Gardens are built, ultimately, to be a quiet and beautiful place for rest and for meditation and contemplation.
Yeah, right. You wouldn’t draw that conclusion if you were a fly on a rock wall watching what happens in my flower beds. You would see work, work, and more work.
Now that the frost has killed practically everything in sight, the task of clearing out the dead annuals and the frostbitten tops of the perennials is staggering. Yes, you’ll probably see some staggering, too.
You, as the proverbial fly on the wall, would not see the visions racing through my head as I quietly clip the dead stems and pile them in the wheelbarrow. You would not hear the silent prayers going up for friends and family and those strangers for whom I’ve been asked to talk to God in prayer.
You might mistake the occasional tear for the ubiquitous sweat that was promised in Genesis 3:19.
You might not expect the soothing power that hard work can have over a troubled soul. Rolling the wheelbarrow across the now-browned Bermuda grass lawn to the rubbish heap behind the arbor, I might be surveying the improvement and be calmed in my heart.
As I clear away the crispy brown stems of the coreopsis, I might find traces of the tender green leaves emerging from bulbs that will bloom next spring. A quick burst of joy and anticipation is good medicine for a sorrowed mind.
Not all meditation and reflection has to happen in a serene and perfectly landscaped sitting area.
What goes on in the body does not always reflect what goes on in the heart.
“Let the words of my mouth and the meditation of my heart
Be acceptable in Your sight,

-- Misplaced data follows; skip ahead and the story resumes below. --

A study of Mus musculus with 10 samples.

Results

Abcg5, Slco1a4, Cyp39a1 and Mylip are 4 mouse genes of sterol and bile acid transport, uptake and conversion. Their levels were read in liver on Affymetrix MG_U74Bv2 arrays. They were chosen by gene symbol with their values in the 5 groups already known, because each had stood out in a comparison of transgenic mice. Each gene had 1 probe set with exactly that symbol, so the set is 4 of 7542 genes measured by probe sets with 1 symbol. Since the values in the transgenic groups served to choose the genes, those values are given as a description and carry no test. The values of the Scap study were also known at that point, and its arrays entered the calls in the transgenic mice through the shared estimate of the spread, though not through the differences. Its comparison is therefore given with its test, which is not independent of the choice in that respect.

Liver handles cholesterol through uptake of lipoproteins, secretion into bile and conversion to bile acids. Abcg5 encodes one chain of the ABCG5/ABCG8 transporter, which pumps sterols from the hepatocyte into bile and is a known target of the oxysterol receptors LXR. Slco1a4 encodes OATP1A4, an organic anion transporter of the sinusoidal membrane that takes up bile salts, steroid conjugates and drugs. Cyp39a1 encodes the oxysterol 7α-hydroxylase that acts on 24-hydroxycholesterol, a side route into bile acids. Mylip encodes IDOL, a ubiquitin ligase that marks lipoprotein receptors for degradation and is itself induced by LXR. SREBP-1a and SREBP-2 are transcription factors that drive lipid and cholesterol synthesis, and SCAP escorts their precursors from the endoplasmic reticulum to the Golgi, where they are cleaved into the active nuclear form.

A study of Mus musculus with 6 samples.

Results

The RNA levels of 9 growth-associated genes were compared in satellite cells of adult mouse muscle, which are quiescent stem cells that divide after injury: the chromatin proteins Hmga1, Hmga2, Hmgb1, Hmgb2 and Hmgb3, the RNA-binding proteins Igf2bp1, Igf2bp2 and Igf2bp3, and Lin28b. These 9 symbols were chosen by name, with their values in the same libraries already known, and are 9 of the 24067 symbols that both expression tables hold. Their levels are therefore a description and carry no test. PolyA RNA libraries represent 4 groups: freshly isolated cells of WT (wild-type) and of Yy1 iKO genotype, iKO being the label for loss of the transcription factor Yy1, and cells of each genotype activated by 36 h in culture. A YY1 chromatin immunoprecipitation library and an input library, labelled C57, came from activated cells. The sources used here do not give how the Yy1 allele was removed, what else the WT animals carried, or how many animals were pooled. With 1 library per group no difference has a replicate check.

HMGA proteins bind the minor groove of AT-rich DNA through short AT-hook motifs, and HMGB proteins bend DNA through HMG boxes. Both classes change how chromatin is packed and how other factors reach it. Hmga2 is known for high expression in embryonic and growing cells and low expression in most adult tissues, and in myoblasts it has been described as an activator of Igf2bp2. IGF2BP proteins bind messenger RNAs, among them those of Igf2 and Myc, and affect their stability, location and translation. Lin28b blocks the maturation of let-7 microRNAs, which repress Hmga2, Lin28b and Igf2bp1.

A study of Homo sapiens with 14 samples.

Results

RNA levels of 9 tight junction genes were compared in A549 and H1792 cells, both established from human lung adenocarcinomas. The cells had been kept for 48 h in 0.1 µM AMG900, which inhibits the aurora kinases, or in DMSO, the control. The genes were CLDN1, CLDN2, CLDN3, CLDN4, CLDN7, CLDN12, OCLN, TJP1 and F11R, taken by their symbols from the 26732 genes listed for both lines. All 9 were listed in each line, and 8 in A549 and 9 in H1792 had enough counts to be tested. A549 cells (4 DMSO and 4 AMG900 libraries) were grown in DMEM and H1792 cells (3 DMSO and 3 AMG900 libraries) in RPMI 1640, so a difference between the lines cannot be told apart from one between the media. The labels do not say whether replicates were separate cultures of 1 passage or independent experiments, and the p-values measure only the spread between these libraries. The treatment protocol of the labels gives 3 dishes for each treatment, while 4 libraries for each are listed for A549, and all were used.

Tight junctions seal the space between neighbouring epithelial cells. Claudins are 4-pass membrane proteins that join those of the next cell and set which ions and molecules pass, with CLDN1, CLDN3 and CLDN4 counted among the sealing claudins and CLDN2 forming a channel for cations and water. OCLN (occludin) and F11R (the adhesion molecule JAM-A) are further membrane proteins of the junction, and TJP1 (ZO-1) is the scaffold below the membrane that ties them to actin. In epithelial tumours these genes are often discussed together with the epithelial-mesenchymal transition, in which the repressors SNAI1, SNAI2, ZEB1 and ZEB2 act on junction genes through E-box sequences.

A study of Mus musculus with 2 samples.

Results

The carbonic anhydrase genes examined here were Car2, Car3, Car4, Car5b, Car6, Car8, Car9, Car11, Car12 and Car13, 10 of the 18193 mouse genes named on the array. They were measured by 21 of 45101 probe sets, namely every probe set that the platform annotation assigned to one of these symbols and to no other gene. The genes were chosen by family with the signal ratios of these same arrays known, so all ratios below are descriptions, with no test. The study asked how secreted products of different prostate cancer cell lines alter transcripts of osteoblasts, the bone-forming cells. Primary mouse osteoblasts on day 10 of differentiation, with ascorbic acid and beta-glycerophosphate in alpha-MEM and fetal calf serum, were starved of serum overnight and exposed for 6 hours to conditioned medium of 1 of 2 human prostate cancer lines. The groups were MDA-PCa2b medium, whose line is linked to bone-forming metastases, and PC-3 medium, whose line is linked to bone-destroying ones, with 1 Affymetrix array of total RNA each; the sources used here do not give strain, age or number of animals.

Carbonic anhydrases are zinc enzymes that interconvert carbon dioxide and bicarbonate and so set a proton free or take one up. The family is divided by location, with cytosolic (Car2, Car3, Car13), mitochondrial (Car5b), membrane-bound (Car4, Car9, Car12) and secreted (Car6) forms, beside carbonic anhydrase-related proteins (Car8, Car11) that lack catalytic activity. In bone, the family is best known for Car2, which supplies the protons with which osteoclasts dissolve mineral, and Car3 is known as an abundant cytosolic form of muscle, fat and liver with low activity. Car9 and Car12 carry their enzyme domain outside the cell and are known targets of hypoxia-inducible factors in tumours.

O Lord, my rock and my Redeemer” (Psalm 19:14, NASB).
I am by no means blameless in my speech, but thoughts and feelings are much harder to tame. Both must be acceptable in God’s sight.
Coworkers in the past used to chide me for the “No-Swear Zone” sign I posted at my cubicle in the office where foul language was prevalent.
Wouldn’t it be nice if I could post a “No-Worry Zone” sign in my house and garden? The sign at the cubicle actually worked, and eventually everyone respected it. Words out of my mouth are at least not profane, although I’m sure they could be more kind and far less whiney.
But the meditation of my heart; oh, that’s a tough one.
As surely as the dead and dying plants need to be cleared away from the frost-damaged garden, the thoughts that have proven themselves dead and worthless need to be cleared from our minds.
Doubt, anger, sadness and frustration have their place at the appropriate times. Even worry has been shown to be a mark of an intelligent mind, but it is clearly an exercise in futility (Matthew 6:25-33).
There are joys to be found even in the midst of sad times, just as there are treasures within the dying garden.
One such plant is the sedum “Autumn Joy.” I suppose it’s a joy that it doesn’t flop on the ground when it grows as tall as similar sedums, and the reddish color makes a huge splash at the end of the growing season.
Just as I scoop up the bright colored blooms with a smile softening my worry lines, we must gather up joy wherever we find it. Whatever the emotions are that run through us, we must make the meditation of our hearts acceptable in God’s sight.